Lebanese rally in Beirut to protest against corruption

Lebanese protesters have come out in streets in Beirut to protest rampant corruption, poor living conditions and deteriorating economic conditions in the country.

Hundreds of demonstrators marched on the prime minister’s office in central Beirut to protest against Lebanon’s fractious political class, widespread graft, and failing public services.
Some angry protesters sported the iconic yellow vests worn by anti-government protesters in France, adorned with a cedar tree, Lebanon’s national symbol.
“There is corruption and theft of state funds,” a 43-year-old woman who introduced herself as Hana told media outlets at the rally. “We are governed by a political class of corrupt thieves who rule with sectarian fanaticism.”
Dozens also demonstrated in the northern city of Tripoli and in Nabatiyeh in the south. The demonstrators demand what they call their “most basic rights.” Their demands include a reintroduction of housing loans stalled for nearly a year and more access to healthcare, water and electricity.
Anger has been mounting over political deadlock that has left the country without a government since May.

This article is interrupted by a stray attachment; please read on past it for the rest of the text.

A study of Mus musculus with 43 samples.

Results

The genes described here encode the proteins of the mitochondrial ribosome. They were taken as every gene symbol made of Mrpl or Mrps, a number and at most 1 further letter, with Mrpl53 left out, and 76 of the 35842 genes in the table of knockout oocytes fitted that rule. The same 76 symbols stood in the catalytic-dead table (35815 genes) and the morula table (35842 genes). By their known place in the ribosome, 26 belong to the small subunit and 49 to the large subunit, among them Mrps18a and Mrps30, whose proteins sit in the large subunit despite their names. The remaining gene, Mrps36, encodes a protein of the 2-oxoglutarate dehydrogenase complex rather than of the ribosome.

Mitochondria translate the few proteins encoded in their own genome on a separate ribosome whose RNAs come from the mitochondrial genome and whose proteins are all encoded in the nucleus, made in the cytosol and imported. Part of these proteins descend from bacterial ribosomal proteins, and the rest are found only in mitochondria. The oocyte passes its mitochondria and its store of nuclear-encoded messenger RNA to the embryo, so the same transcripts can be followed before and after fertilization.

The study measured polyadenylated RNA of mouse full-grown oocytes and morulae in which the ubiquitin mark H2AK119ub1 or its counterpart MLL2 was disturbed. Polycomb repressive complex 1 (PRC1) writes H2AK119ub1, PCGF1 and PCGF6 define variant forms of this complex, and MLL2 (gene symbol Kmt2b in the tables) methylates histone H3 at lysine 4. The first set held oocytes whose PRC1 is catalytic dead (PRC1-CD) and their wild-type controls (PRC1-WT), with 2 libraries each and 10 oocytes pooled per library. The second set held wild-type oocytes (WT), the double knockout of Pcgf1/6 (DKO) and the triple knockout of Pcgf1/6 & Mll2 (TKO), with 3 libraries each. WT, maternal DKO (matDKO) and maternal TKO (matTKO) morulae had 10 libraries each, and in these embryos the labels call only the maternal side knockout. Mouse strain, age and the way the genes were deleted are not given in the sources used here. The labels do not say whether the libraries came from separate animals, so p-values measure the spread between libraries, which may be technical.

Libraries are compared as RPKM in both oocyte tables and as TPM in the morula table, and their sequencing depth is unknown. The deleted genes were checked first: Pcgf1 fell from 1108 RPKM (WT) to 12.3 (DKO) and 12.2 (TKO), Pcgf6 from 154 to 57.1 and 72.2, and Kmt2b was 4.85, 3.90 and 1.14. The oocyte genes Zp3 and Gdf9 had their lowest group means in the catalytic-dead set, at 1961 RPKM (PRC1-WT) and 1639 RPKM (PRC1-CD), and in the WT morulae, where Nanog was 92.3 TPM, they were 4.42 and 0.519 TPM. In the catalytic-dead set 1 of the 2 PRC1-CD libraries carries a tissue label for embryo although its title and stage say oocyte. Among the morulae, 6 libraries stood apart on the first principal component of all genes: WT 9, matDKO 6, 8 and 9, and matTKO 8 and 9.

Lebanon’s first parliamentary vote in nine years was held on May 6, with over 500 candidates vying for seats.
According to official results, the resistance movement of Hezbollah, which defends the country against the Israeli aggression, and its political allies won more than 70 of the 128 seats. Hezbollah’s allies include the Amal Movement, led by Parliament Speaker Nabih Berri, and the Christian Free Patriotic Movement, founded by President Michel Aoun.
The Western- and Saudi-backed Saad Hariri, however, lost more than a third of the seats held by his party’s lawmakers.
The cabinet seats must be allocated among rival groups according to a sectarian system that permits Sunnis, Shias and Christians to represent the portfolios.
Hariri, himself a Sunni Muslim, has resisted a seat demanded by a group of six Sunni parliamentarians allied to Hezbollah.
The most powerful ministries have already been allocated but fresh disputes have reportedly arisen over portfolios of secondary significance.
Lebanon is in dire need of an administration because the country is heavily indebted and suffering from low economic growth.